Freud's 3 components of personality

Updated April 17, 2017

In the early 20th century, physician and pychologist Sigmund Freud attempted to explain the structure of the mind in order to better understand human psychological development and abnormal mental conditions. Freud divides the mind into three components, the id, ego and superego, each responsible for distinct personality traits. These three components work together to regulate the behaviours that define an individual's personality.

Levels of Consciousness

Freud's components of personality are based on three levels of consciousness -- preconsciousness, consciousness and subconsciousness -- and the ability of impulses or memories to travel from one level to another. Preconsciousness incorporates information an individual is aware of but not immediately focused on. Consciousness is the focus of an individual's immediate attention. Subconscious information is out of reach of the conscious mind, allowing the subconscious mind to think and act independently and resulting in uncontrollable behaviours.


The id is the most primitive component of personality, having no perception of reality and relying on what Freud refers to as the "primary processes" to satisfy an individual's basic needs and urges. Examples of these primitive urges include pleasure-seeking behaviours and aggression. The id is ruled by the "pleasure principle," which is a demand for instant gratification of needs and urges without concern for possible consequences.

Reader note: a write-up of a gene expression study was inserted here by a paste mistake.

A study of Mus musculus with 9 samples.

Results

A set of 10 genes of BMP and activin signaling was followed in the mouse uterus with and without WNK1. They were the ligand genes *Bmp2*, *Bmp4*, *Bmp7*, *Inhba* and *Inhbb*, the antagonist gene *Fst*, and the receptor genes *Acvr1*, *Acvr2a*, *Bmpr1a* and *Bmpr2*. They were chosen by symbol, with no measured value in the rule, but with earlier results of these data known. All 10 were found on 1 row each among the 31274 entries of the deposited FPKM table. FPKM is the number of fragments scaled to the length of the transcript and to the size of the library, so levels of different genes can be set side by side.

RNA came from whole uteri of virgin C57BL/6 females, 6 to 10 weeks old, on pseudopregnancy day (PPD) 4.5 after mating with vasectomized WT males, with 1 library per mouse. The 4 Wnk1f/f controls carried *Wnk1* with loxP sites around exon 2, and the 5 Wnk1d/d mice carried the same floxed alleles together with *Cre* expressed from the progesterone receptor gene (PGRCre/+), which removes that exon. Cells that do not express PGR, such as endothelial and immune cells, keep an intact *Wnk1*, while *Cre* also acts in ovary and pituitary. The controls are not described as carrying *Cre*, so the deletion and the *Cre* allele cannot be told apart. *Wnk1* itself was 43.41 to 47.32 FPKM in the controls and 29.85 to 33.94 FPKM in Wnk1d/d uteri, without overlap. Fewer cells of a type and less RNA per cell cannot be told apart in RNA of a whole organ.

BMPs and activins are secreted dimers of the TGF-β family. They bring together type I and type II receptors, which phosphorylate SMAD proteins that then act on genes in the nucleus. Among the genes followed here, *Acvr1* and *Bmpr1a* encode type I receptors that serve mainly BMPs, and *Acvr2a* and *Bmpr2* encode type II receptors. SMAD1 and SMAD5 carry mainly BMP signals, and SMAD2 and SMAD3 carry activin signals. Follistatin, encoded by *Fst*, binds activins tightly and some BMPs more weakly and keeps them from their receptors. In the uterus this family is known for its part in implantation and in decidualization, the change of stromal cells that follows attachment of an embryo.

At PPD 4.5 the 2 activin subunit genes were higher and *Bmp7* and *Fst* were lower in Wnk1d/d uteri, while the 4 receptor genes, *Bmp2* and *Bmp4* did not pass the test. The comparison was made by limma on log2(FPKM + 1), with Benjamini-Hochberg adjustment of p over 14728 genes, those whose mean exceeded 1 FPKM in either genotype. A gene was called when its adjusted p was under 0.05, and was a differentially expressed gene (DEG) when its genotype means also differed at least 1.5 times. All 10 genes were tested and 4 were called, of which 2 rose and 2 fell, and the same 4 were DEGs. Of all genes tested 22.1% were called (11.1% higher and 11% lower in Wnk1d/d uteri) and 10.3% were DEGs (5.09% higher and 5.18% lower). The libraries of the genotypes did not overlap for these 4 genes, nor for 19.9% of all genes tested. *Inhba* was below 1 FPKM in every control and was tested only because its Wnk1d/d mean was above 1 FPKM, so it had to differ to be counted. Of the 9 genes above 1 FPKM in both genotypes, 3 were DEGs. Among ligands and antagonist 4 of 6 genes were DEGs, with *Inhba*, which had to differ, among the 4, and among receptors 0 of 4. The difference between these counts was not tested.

Using the "reality principle," the ego evaluates actions and their potential consequences and determines appropriate solutions to the id's urges. To accomplish this, the ego employs the "secondary processes" of perception, recognition, judgment and memory. The ego acts as a middle ground between the id and the superego, working to satisfy the urges that originate in the id under the moral constraints originating from the superego.


The superego contains an individual's values and social morals, which are learnt through childhood training and experiences, according to the ChangingMinds website. It employs enforcement emotions, such as guilt and pride, to regulate an individual's behaviour based on past training and experience. The superego works to counterbalance the id by repressing urges instead of seeking instant gratification.


Kelly Smith has been writing professionally since 2010. She writes for various websites, specializing in health and literature. Smith is a certified pharmacy technician with more than five years of professional experience. She holds a Bachelor of Arts in English with a minor in multimedia communications from Regent University in Virginia Beach, Virginia.